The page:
So, the fourth of the Leicester Print Workshop ‘Introduction to Print’ classes was last night. This time it was etching with hard ground. The whole process is rather involved but much less complicated than I thought (I wasn’t really looking forward to this session). Because of the time constraints, Nichola had already provided us with zinc plates already prepared with hard ground but did show us how to do it ourselves.
The shiny side of the zinc plate is degreased (with Cif) and then placed onto a hot plate (huge chunk of metal sitting on one of the side benches: wondered what that was for, other than stacking paper onto and banging my elbow into). A blob of hard grounds is rubbed & melted into the shiny surface of the plate after it has heated up and then smoothed out all over the plate (using a tool – dabber? – that looks like a darning mushroom covered in leather). The plate is then left to cool and the grounds to harden. But our plates were already at that stage.
Scribing the plate was much the same process as with the first lesson on drypoint, but with less pressure being required since we were only cutting through the ground and not into the plate. This time, I did not try to transfer an image onto the plate before scribing, just used a photograph of a canal in Venice and then hand drew it. I’m no good at this process. Working that small (my plate was only about 3″ x 3″), any hand shakes cause a bit of damage and my hand does tend to shake when I try to draw clean small lines. But I ended up with something that everyone later recognised as a Venice canal so was not too disastrous. I tried using other tools like the roulette (see the lines in the sky) but without much success.
After finishing the image we had to protect the back and side of the plate, the back by putting packing tape over it and the sides by painting varnish onto it. Then the plate was lowered into the acid bath (10:1 water : nitric acid), in my case for about 11 minutes. While in the bath, the ground took on a dark colour and bubbles of air formed over the plate. The bubbles were brushed away with a feather. When finished, the plate was lifted out (we were wearing gloves and goggles with all the acid work) and washed in water. The ground was then removed by rubbing the plate with white spirit at which point it was ready for printing.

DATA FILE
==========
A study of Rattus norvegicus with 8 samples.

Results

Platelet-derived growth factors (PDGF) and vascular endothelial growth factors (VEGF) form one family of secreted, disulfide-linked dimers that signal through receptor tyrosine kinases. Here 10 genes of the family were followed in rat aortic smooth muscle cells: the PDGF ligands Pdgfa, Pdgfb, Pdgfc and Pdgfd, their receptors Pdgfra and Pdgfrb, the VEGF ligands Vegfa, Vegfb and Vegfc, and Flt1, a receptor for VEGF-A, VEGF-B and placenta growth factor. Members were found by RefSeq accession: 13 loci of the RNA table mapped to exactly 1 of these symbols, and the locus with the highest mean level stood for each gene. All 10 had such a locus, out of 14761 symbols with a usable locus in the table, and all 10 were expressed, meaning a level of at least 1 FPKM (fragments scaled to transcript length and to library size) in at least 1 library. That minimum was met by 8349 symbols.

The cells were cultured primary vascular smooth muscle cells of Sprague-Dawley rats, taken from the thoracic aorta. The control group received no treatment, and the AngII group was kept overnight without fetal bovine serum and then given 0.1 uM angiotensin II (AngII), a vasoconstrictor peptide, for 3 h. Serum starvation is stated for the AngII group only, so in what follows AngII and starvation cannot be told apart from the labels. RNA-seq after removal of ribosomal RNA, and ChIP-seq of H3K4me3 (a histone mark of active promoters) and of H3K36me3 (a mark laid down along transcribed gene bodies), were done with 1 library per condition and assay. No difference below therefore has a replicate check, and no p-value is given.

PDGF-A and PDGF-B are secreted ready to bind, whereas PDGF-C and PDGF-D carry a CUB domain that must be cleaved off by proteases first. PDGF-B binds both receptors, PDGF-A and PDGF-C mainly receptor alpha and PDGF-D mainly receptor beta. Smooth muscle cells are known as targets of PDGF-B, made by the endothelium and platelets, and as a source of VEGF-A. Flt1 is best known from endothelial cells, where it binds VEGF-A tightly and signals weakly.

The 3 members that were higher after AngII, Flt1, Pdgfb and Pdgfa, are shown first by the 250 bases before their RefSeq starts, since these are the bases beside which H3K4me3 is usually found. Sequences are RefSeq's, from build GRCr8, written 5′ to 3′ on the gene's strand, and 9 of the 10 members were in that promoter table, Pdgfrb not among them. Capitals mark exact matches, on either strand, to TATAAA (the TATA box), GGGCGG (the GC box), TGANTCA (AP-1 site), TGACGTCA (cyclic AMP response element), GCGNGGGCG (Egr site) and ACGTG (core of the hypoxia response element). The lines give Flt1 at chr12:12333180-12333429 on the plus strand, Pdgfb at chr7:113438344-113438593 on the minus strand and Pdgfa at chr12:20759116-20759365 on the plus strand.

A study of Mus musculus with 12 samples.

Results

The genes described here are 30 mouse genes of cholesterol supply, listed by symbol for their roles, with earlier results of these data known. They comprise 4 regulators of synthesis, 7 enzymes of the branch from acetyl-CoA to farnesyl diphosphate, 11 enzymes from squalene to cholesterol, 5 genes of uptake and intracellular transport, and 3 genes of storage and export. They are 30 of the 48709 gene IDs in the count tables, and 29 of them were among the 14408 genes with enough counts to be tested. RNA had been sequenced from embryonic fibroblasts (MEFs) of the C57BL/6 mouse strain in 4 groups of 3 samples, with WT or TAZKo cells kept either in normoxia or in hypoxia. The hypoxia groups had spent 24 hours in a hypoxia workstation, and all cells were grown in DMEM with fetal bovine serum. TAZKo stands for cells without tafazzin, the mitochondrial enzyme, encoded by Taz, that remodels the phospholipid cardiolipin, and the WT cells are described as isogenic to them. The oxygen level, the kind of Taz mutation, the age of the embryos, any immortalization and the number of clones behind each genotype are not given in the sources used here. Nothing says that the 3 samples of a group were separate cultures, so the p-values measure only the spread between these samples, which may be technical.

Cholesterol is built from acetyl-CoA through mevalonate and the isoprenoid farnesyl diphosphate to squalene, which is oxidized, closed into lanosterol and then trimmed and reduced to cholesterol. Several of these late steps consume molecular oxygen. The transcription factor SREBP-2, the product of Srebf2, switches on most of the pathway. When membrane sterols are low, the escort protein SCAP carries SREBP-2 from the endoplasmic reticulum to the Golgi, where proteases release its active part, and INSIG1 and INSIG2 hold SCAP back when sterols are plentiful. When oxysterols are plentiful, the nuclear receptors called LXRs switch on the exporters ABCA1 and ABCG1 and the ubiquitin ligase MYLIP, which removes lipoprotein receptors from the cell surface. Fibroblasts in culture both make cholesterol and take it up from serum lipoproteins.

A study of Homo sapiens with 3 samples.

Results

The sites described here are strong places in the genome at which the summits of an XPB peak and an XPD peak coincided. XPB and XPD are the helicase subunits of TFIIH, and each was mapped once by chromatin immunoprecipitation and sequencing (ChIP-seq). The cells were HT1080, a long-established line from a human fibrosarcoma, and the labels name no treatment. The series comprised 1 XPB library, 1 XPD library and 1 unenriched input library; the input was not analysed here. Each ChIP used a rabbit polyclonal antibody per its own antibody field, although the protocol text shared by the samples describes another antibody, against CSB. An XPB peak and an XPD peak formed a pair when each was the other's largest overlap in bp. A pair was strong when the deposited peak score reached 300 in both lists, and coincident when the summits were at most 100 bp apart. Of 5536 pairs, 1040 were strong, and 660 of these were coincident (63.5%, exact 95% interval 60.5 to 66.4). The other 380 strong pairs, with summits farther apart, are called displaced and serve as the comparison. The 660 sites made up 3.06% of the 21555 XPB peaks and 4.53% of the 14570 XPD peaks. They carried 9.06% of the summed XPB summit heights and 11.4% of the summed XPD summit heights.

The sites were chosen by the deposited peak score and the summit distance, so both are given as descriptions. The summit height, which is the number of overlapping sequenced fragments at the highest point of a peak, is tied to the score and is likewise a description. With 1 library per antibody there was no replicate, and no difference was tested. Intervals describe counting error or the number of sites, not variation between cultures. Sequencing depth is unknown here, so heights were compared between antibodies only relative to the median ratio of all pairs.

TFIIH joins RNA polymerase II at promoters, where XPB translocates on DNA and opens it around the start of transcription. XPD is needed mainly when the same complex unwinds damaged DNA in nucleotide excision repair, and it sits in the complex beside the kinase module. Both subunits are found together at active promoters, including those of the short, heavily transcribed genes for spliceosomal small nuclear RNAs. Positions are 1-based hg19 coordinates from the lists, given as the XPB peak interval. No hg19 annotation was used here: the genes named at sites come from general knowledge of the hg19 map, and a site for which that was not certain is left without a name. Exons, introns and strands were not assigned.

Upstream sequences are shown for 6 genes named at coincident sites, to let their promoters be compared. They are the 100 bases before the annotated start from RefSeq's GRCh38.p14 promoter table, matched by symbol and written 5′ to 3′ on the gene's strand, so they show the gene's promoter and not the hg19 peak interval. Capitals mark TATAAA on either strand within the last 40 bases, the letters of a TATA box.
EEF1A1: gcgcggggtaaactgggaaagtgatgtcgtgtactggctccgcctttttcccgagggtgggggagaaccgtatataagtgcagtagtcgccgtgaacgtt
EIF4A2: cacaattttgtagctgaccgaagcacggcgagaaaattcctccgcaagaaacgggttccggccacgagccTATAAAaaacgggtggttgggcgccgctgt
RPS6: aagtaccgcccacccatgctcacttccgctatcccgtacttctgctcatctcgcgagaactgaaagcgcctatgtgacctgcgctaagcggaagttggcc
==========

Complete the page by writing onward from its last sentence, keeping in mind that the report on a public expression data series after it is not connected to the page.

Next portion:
The printing process was the same as for drypoint: scrape ink onto the plate, rub it into the grooves and off the surface using scrim, polish using telephone directory paper and tissue paper, lay onto the press bed, face up, on top of sheet of newsprint, lay damp sheet of printing paper over the plate and another sheet of newsprint over that and print.
My first print was:
It looked ok. Nichola then suggested I could leave some surface ink in places to add some atmosphere and so I did this, leaving it on the water and sky with the result:
Much better. I don’t think my drawing skills are up to this approach but it was more enjoyable and much easier than I thought it would be. I will have a go at this again, in the future. I’ve joined LPW as a member so will be able to go along any time to try this again. I may try copying some old master prints to get a hang of the techniques.